This week the Department of Health and Human Services released the news that US healthcare spending broke the $2 trillion mark in 2006. Yes, you read that right: TWO TRILLION DOLLARS. This is despite the fact that the annual increase in healthcare costs has actually slowed down a bit in the past few years. (Read more at the NYT here.)
What do we get for this enormous outlay? Well, not so much as you might think, and not as much (in terms of outcomes) as lots of other countries that spend less.
In 2007, the Commonwealth Fund surveyed 12,000 people in 7 countries: Australia, Canada, Germany, the Netherlands, New Zealand, the UK, and the US. (You can find the abstract in Health Affairs, here.) Despite spending nearly double what some of the other countries spend per capita on healthcare, US respondents were more likely to report experiencing medical errors; going without needed care because they can't afford it; and to say that the healthcare system needs to be completely rebuilt. We--along with our neighbors to the north--are also least likely to be able to get a same-day appointment when we're sick, and more likely to show up in the ER because we don't have an alternative.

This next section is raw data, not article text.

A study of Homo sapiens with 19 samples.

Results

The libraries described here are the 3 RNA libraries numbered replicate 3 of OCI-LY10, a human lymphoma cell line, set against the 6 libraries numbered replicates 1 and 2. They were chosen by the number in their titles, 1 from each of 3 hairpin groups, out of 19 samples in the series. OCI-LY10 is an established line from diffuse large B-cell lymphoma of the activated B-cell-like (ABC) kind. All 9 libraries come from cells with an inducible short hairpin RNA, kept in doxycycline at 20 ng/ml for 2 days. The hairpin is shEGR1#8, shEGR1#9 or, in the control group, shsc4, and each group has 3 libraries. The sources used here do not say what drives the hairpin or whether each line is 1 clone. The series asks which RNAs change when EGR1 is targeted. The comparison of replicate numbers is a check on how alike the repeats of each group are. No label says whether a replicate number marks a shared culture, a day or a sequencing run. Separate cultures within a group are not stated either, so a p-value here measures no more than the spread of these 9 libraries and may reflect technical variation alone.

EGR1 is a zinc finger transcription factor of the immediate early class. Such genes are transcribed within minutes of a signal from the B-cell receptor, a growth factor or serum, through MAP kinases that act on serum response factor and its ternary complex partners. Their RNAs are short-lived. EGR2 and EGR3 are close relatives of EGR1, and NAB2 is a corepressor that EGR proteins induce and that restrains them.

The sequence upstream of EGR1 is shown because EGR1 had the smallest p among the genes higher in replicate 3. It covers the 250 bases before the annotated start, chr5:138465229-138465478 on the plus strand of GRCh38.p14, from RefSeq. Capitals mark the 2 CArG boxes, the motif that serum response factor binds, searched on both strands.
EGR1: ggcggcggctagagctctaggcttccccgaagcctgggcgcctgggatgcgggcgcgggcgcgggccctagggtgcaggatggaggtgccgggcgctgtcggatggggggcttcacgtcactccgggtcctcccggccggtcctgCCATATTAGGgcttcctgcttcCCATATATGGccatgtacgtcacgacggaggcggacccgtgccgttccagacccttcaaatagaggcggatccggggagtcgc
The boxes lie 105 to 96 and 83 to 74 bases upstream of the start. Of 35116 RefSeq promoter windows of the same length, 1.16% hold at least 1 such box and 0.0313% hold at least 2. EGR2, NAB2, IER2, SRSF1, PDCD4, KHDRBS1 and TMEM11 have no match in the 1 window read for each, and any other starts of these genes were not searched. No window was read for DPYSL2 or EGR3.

Consider just this one fact: 32% of Americans surveyed who had two or more chronic conditions said that they'd experienced a medical error in the prior 2 years. Keep in mind that these are just the errors patients know about!
So, it being election time (as if we could forget!), let's see if we can't get the candidates to say more than just "Healthcare is broken, and I'm gonna fix it." Covering more people is an excellent start--but just a start. Among other items on the healthcare to-do list: figure out how to improve quality, how to re-value primary care, and how to help people be more effective self-advocates.